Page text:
Even though this article by Rebekah Mintzer reports on a survey of U.S. in-housers, I suspect their U.K. counterparts would give similar answers.
Of my colleagues who were in-house with me 20 years ago, those who have left the legal profession have gone on to become CEOs which accords with the survey results.
Whilst being an in-house lawyer is a great career, some will naturally move into business itself, driven by an entrepreneurial flare. There's many ways an in-house lawyer can do this. For example, one woman I know moved from being a team leader in a large in-house legal department to becoming the Executive Assistant to the General Counsel. Once she was moving within the elite C-Suite (as the Americans call it) she became known to the CEO who, after a couple of years, gave her the chance to run a business division. She fulfilled that role very successfully for several years before being headhunted to be the CEO of an exciting private equity owned business. The key to her advancement was the fact she had developed a good relationship with her General Counsel and he thought of her when he decided he needed an Executive Assistant.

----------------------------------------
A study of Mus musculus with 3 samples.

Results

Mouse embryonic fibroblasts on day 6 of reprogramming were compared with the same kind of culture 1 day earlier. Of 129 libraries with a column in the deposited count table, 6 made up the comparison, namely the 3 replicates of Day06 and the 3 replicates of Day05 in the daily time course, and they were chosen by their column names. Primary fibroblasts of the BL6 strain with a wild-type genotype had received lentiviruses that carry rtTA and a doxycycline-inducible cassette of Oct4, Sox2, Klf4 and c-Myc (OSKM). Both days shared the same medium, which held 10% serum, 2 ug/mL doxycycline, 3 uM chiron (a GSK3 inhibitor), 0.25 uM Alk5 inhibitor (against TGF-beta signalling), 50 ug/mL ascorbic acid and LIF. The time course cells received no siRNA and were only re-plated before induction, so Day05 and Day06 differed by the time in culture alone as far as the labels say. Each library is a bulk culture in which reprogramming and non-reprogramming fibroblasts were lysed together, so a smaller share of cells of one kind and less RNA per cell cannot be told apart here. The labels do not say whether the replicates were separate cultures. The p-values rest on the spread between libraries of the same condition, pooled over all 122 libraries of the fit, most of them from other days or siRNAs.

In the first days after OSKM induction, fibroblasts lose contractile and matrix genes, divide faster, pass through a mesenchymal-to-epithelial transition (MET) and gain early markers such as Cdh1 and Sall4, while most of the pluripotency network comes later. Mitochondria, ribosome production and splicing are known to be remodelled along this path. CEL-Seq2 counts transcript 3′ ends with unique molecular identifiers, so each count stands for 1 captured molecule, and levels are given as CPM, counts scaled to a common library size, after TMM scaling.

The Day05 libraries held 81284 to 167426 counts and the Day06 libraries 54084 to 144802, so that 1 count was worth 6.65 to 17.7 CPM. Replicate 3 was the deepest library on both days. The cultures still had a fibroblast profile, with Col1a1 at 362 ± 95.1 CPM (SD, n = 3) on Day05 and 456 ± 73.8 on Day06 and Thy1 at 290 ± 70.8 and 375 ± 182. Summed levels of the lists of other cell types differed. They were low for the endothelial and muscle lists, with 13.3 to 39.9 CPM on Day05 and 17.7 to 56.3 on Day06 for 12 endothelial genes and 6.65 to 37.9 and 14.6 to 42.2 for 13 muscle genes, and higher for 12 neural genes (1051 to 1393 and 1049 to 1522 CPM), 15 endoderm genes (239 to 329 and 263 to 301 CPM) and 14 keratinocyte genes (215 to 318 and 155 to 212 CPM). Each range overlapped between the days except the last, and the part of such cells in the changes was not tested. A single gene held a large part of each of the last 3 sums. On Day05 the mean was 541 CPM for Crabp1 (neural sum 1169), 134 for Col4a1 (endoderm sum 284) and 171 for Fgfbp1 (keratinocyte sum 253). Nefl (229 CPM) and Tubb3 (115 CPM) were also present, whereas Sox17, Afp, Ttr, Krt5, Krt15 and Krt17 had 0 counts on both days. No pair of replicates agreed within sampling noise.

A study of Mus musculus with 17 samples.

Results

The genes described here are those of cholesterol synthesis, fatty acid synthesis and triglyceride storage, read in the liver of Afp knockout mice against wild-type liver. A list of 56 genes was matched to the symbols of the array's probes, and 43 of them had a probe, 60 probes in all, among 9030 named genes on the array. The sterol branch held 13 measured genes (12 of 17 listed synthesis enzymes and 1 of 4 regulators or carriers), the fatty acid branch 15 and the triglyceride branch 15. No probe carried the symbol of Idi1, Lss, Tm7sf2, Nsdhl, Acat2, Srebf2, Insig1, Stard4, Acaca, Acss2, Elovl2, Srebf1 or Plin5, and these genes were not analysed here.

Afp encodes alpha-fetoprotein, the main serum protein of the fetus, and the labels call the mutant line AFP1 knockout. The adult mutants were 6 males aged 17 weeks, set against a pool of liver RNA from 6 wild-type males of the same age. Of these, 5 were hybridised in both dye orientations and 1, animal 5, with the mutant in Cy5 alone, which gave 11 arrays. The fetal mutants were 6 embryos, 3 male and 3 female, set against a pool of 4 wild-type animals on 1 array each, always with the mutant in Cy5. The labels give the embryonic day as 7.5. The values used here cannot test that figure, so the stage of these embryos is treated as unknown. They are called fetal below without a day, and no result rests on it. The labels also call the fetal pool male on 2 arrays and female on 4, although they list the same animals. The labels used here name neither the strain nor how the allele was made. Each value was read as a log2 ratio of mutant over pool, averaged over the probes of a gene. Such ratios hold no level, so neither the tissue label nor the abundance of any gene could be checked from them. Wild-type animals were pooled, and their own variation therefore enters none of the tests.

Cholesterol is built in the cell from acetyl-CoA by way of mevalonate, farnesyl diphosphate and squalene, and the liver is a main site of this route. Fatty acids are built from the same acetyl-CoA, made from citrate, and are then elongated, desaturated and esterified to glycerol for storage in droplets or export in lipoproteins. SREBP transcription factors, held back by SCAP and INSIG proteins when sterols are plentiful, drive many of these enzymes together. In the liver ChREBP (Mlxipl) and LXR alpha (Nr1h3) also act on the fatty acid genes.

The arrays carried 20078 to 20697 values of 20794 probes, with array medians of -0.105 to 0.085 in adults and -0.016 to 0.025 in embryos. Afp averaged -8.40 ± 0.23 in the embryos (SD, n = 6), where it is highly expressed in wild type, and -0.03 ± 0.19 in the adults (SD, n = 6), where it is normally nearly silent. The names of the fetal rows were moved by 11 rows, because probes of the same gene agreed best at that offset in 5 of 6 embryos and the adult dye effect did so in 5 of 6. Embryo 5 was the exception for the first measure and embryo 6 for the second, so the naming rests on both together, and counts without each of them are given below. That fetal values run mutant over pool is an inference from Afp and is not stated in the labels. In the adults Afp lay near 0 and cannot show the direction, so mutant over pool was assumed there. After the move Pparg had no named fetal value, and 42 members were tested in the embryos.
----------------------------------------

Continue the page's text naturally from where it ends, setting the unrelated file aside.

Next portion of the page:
Being an in-house attorney can be a rewarding job—it’s intellectually engaging and can be lucrative, too. Even so, it’s tough to imagine there’s anyone in any law department who hasn’t stopped to think about what might have been if he or she decided not to go to law school and taken a different career path instead? Legal staffing and consulting solutions firm Robert Half Legal posed this question to lawyers in a recent survey, and broke down the responses for Corporate Counsel to determine what the most popular career Plan B was specifically for attorneys in the U.S. and Canada who work in-house. The number one answer might not come as too much of a surprise. If they had not become in-house lawyers, the highest percentage of respondents—18 percent—would have gone into business management or marketing.